By Dan Gilgoff, God & Country
The music video for Born Again American, TV producer and liberal activist Norman Lear's new campaign to promote service and volunteerism, might surprise you. The video, which features a new song that's also called "Born Again American," appropriates blatantly evangelical language: "I'm a Born Again American, conceived in Liberty/My Bible and the Bill of Rights, my creed's equality." How ironic, given that Lear has been battling the religious right—the evangelical right, really—for nearly three decades. Lear founded People for the American Way shortly after the Moral Majority had opened its doors.
Has Lear jumped on the bandwagon of progressives who've "gotten religion" in recent years?
Not exactly. I found a Washington Post article describing People for the American Way's 1980 founding, and it turns out that Lear has long used religion to battle the religious right:
Two organizations, one made up entirely of mainline religious leaders and the other with them predominating, have sprung up in recent weeks to fight the evangelists of the Christian right.
One group, People for the American Way, will be launched formally today by a coalition that includes television producer Norman Lear, former senator Harold Hughes (D-Iowa), the Rev. Theodore Hesburgh of Notre Dame, Rabbi Marc Tanenbaum of the American Jewish Committee and Dr. William Howard and Dr. William P. Thompson, the current and past presidents of the National Council of Churches.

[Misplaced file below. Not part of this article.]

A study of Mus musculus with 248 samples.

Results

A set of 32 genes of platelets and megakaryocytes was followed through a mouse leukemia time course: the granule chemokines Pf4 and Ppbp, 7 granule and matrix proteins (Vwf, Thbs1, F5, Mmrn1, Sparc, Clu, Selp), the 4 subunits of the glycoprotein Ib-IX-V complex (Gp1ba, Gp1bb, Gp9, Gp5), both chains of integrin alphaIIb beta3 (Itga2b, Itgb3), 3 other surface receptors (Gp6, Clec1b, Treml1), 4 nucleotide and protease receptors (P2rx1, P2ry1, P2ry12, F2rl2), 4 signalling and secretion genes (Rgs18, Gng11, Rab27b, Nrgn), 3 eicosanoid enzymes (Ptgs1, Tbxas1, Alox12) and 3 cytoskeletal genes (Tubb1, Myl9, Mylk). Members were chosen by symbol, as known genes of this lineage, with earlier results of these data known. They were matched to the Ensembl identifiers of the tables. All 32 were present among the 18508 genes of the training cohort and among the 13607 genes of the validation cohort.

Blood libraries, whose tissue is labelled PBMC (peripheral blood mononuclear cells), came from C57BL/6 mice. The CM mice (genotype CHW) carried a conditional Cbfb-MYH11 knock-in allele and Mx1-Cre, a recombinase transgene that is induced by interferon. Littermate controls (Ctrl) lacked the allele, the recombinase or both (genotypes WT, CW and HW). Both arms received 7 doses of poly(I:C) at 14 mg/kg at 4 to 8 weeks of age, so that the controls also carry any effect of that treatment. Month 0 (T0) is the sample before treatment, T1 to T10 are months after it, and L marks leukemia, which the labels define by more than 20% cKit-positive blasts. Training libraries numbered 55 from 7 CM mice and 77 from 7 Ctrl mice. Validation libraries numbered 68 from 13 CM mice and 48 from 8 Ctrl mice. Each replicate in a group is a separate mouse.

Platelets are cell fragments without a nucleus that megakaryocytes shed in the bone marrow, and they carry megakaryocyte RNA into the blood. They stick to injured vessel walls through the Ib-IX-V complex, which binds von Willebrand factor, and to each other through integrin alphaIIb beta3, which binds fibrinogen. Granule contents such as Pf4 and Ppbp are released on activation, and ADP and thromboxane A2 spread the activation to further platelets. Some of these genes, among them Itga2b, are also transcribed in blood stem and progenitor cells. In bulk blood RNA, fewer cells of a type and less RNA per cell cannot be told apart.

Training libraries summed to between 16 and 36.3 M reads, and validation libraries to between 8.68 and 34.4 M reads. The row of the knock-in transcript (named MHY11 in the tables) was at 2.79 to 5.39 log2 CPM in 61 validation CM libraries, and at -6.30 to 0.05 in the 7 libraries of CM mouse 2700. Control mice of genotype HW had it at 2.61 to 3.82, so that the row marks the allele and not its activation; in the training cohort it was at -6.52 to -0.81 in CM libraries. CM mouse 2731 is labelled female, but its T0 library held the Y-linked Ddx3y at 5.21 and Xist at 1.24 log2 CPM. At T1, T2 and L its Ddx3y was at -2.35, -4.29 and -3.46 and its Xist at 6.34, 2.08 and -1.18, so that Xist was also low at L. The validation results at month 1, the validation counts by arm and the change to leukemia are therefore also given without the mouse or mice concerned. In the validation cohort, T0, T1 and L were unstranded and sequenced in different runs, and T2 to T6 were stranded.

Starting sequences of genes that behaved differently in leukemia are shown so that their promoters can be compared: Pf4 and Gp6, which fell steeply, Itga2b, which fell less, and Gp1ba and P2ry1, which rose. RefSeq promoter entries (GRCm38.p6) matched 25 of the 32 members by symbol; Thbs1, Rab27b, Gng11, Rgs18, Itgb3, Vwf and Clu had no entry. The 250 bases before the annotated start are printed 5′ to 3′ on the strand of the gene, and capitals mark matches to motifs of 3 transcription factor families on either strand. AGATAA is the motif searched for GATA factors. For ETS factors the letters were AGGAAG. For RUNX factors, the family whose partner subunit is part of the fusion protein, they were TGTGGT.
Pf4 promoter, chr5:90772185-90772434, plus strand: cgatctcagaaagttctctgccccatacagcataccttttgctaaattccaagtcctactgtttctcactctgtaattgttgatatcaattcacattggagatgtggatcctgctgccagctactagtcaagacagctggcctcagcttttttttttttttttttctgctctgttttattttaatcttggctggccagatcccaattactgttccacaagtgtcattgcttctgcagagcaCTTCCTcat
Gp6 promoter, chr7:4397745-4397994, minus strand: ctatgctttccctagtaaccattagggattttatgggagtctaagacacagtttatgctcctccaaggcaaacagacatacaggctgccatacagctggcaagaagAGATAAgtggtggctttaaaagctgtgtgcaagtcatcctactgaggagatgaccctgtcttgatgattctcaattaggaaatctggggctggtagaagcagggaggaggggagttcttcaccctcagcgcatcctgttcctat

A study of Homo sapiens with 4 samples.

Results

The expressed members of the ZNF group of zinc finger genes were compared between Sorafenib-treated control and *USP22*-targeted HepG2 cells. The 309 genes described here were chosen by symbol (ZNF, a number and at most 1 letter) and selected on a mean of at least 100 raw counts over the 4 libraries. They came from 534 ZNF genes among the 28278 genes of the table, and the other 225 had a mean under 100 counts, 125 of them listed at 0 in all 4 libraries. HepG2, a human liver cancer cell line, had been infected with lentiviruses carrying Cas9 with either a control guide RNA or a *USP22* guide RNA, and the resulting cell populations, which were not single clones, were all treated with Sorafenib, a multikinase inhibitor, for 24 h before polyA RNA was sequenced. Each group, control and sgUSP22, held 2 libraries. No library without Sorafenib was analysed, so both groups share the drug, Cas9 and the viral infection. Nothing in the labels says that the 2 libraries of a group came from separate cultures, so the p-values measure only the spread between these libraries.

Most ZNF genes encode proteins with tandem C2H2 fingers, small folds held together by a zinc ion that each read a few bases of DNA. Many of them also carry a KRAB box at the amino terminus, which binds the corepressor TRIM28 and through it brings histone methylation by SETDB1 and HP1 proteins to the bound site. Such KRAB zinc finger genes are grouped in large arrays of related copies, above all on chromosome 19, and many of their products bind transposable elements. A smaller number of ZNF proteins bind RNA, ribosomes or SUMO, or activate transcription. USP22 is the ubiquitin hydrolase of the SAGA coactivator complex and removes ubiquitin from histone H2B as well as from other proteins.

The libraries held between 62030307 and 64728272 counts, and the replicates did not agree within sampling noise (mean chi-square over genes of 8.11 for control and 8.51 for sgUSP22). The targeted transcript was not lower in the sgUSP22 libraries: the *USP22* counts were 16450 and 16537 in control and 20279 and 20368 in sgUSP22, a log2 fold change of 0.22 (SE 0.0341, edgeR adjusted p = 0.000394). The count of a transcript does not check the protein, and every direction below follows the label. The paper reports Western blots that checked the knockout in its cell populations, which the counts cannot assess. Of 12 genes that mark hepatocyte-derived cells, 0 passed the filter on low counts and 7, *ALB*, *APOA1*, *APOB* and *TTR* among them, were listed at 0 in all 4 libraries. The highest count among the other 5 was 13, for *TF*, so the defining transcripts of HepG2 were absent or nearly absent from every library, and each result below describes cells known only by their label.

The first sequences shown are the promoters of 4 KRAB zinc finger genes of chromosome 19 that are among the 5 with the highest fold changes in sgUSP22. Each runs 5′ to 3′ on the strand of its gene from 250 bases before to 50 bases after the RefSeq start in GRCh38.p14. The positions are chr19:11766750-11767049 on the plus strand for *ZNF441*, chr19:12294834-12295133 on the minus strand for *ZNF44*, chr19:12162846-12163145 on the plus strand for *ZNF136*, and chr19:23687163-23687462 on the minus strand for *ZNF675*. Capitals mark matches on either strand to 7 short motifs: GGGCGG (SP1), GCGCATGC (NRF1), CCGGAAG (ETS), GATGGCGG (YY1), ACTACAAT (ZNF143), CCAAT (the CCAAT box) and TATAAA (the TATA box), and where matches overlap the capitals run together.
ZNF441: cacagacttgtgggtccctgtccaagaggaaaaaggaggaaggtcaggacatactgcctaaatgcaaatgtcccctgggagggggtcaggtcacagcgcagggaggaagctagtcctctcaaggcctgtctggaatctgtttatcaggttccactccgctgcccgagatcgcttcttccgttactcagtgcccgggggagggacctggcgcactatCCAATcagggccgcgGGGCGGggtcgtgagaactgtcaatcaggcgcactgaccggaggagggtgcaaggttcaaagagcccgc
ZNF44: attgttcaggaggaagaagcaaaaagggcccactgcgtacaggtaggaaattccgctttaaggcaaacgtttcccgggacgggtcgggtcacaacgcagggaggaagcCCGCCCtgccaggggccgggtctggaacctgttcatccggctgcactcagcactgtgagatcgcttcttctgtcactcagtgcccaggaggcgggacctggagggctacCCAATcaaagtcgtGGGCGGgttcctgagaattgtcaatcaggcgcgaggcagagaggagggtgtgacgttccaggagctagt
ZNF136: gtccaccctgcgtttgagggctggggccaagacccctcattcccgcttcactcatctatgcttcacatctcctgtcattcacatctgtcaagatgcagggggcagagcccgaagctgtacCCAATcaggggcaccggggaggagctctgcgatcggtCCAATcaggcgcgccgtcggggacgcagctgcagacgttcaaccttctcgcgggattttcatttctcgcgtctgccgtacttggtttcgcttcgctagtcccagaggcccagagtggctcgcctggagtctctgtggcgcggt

Their plans call for distributing five 60-second TV spots, already produced by Lear, dealing with the Christian right. "We are trying to communicate to the American people that the Christian community understands that people must make up their own minds" about political issues, explained Thompson, who is the chief executive officer of the United Presbyterian Church.
"The church has the right to express its views," Thompson continued, "but it does not have the right to tell people how to vote."
A helpful reminder that liberals have been fighting religious conservatives with religion—and not just arguments for church/state separation—since way before the religious left's post-2004 revival.